ELLERSHOUSE, N.S. –The Department of Transportation and Infrastructure Renewal’s to-do list in Hants County is longer than usual these days following a severe downpour that caused a substantial amount of damage throughout the region.
The provincial department has been kept busy repairing the damage done in the area following an unusually powerful rainstorm that washed out roads, culverts and bridges.
For Paul Faulkenham, the week following the storm proved stressful - to say the least. The Ellershouse resident’s driveway was washed out as a result of the torrential downpour.
And it stayed that way for seven days.
“I have a heart condition, I had a triple bypass some years ago, and I don’t have any problems today, but what if I did tomorrow? The ambulance wouldn’t come in here – it’s too heavy to cross,” said Faulkenham as a small stream trickled over the end of his driveway Aug. 14.
The driveway and another culvert further up the street were fixed that day, but it highlights just how extensive the flash flooding damage was.
Faulkenham said he first noticed something was wrong on Aug. 7, the day of the storm, when his girlfriend’s son and neighbour said they’d definitely have issues getting out of their driveway as water spilled over the top.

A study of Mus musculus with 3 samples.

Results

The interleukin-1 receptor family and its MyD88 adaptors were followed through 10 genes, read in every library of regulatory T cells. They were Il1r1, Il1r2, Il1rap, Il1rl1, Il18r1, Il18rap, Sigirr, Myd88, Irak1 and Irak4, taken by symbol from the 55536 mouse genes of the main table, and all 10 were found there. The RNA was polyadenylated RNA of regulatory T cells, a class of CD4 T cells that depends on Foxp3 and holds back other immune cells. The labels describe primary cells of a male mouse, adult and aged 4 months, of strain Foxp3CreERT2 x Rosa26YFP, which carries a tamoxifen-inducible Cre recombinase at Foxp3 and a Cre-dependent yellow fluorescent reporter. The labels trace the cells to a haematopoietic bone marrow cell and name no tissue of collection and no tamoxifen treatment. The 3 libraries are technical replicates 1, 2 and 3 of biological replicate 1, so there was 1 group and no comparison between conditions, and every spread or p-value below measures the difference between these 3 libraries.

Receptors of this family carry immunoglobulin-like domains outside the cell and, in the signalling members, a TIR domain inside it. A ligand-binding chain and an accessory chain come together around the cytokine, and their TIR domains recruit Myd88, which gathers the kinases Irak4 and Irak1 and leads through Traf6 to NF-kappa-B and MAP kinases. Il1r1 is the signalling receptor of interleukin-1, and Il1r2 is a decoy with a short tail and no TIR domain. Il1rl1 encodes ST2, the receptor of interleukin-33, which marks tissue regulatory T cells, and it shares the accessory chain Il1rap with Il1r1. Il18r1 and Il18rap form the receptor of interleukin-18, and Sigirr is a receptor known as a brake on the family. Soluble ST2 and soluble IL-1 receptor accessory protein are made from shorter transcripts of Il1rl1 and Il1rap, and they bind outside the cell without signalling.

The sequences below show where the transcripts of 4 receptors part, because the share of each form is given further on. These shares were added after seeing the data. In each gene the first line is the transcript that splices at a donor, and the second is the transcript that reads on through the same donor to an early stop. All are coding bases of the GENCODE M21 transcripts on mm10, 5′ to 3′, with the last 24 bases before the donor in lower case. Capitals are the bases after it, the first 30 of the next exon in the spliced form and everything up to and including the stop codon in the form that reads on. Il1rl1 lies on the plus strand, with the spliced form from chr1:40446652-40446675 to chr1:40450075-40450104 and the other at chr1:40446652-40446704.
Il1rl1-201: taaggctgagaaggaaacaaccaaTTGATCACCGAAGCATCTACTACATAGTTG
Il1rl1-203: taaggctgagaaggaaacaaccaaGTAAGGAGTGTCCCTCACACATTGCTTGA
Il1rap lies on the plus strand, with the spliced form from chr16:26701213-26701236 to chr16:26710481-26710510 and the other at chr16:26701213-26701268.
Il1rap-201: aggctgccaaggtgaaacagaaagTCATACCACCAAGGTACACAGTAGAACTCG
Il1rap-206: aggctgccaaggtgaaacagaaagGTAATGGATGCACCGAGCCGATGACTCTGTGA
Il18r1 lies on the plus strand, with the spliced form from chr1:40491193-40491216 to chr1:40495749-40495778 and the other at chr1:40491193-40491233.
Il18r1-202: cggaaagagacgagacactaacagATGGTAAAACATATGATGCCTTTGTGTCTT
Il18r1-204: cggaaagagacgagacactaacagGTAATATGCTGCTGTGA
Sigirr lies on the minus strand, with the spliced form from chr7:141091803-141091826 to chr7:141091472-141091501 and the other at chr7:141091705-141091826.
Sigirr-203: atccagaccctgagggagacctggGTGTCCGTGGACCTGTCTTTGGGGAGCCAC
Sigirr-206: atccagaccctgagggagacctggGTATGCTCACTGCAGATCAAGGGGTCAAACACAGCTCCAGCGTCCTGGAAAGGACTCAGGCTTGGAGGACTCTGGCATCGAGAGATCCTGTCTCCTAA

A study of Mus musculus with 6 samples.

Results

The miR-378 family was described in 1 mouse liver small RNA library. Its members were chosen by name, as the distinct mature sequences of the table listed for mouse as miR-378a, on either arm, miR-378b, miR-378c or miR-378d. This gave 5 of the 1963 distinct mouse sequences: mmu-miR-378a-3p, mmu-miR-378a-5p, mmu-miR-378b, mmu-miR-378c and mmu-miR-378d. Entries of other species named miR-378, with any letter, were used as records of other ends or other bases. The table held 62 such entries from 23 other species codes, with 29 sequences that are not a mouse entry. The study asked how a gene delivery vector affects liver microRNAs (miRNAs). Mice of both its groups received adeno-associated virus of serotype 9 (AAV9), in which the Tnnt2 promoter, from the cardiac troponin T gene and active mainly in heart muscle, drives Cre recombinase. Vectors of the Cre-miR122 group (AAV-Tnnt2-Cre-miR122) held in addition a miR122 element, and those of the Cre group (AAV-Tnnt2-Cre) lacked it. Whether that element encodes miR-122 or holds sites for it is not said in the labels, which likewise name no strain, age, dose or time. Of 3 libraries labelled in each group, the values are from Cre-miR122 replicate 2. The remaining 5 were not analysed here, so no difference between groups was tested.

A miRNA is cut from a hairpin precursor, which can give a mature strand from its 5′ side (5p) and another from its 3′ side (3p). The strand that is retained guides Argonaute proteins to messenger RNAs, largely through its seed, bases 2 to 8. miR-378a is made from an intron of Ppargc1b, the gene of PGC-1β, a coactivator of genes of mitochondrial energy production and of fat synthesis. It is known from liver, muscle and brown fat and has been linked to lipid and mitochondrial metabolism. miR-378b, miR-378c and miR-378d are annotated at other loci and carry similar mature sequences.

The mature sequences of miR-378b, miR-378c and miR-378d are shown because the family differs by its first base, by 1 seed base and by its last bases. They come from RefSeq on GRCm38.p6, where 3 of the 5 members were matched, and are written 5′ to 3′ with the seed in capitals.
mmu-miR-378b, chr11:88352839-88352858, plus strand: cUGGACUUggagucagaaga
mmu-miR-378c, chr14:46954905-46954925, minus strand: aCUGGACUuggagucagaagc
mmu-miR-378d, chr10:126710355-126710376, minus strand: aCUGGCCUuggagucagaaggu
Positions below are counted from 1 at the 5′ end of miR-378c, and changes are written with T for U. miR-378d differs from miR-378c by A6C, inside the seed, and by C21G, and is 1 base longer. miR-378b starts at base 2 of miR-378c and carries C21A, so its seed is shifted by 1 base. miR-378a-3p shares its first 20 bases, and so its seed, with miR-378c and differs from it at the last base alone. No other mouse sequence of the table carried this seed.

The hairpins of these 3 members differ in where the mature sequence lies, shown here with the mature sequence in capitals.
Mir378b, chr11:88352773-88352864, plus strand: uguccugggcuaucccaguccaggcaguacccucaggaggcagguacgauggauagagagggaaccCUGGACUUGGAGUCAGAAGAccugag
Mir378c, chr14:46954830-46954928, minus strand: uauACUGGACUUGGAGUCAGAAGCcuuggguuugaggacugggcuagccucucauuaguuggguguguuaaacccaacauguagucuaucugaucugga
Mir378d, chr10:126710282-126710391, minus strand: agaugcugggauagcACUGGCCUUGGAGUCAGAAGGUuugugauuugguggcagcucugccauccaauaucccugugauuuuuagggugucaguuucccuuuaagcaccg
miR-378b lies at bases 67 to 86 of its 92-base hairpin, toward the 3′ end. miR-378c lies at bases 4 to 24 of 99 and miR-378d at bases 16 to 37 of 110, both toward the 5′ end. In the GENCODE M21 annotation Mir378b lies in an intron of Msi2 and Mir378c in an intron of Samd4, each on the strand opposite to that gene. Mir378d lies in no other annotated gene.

“We could hear the rocks rumbling down and underneath the culvert. It was amazing,” he said. “It’s no longer raining, but the creek still has to run. Now it’s running over our driveway.”
“It was really a raging river, instead of a little stream.”
Read More: West Hants communities hit hard by storm
A portion of the driveway is owned by the Department of Transportation as it also functions as a service road for Highway 101 and a potential logging road.
Faulkenham’s home sits further up the driveway.
Transportation and Infrastructure Renewal media relations staffer Marla MacInnis said the storm was quite severe, adding that they appreciate residents’ patience as they continue to address the damage.
“Provincial infrastructure in Hants County experienced considerable damage ranging from small isolated shoulder washouts, to culverts being filled with debris and buried,” MacInnis said. “Additionally, a bridge on Trunk 1 experienced erosion at the abutments and had to be closed temporarily until it could be inspected and repaired.”
MacInnis said the storm was unique because it was isolated to a small area with heavy intensity.
Personnel and equipment from neighbouring areas were dispatched to help with the cleanup and repair work.
"As we repair and replace culverts, the pipes are being upsized to account for greater storm intensities,” she said.